Clinical Trials to Begin of Antibiotic Treatment for Elephantiasis
The Task Force is facilitating clinical trials for a promising new treatment to combat a disfiguring disease known as elephantiasis, which can result from infection with a neglected tropical disease (NTD) called lymphatic filariasis.
Millions of people around the world suffer from elephantiasis. The disfiguring swelling caused by the disease prevents people from being able to work and isolates them from their communities. In its advanced stages, the disease also incapacitates people and can cause infections accompanied by attacks of high fever and swelling called lymphedema.
An experimental treatment using an antibiotic called doxycycline has shown promise, when used with a regimen of regular leg hygiene, for alleviating these acute attacks and even reducing lymphedema.
The Task Force’s Neglected Tropical Diseases Support Center (NTD-SC), with support from the U.S. Agency for International Development, is facilitating further clinical trials of doxycycline in individuals with elephantiasis. Trials will begin this spring in Mali and be expanded to additional countries by 2018 to test the safety and efficacy of six-weeks of doxycycline treatment in halting the progression of lymphedema and reducing the frequency of acute attacks. These studies will be conducted in collaboration with the International Center of Excellence in Research and the U.S. National Institute of Allergy and Infectious Diseases. Trials in additional country sites are expected to begin by 2018.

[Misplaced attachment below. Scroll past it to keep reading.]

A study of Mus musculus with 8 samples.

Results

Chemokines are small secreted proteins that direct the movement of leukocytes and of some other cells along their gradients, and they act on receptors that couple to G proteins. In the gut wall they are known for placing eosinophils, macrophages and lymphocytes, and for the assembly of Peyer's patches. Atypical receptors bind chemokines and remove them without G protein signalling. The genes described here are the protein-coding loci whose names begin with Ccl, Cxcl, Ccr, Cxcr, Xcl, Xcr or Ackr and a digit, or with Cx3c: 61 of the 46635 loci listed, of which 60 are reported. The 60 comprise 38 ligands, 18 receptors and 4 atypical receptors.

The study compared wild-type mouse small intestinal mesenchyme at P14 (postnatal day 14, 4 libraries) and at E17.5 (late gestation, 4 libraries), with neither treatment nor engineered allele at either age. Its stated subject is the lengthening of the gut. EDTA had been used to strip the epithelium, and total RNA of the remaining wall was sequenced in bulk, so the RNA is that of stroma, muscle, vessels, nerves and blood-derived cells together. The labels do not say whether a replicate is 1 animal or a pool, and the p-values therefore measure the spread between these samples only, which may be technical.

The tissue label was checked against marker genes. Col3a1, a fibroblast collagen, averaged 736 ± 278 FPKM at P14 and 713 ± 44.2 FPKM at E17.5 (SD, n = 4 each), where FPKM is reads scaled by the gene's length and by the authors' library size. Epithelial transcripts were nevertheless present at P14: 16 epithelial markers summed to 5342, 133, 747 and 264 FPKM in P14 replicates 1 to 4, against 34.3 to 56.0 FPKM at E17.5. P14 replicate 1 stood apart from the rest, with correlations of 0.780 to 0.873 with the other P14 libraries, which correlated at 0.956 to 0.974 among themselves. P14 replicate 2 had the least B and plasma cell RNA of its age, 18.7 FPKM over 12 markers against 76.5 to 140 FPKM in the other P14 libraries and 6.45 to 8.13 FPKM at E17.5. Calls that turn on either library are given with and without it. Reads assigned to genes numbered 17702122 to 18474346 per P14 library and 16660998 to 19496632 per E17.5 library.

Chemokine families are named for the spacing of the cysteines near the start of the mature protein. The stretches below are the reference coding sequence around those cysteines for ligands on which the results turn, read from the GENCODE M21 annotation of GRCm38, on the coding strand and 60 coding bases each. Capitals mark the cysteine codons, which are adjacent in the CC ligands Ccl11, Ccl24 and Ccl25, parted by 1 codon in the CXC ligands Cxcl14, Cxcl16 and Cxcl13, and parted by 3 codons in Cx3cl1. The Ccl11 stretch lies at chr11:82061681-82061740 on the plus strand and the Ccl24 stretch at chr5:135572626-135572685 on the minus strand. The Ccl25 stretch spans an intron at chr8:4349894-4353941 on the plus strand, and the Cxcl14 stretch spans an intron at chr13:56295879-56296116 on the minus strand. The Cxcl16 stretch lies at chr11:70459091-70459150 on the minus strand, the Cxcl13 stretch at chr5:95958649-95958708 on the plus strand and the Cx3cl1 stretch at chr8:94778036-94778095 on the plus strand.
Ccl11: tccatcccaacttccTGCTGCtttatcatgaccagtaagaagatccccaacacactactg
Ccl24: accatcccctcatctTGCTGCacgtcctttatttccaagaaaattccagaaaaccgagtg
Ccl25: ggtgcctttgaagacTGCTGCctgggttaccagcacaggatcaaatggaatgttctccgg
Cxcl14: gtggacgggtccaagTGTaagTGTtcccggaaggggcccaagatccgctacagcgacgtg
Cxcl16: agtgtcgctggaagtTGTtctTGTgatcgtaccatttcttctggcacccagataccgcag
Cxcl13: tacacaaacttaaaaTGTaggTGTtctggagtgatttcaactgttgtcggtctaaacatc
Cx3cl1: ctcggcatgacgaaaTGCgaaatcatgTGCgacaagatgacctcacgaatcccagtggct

“Ultimately, the goal of this trial is to improve the quality of life among people affected by lymphedema from elephantiasis,” said Eric Ottesen, MD, director of NTD-SC. “This research complements the work programs and partners are doing all over the world to ease the suffering that results from this disfiguring disease.”
The clinical trial of doxycycline is part of NTD-SC’s operational research portfolio that focuses on addressing key scientific questions associated with the control and elimination of NTDs including lymphatic filariasis.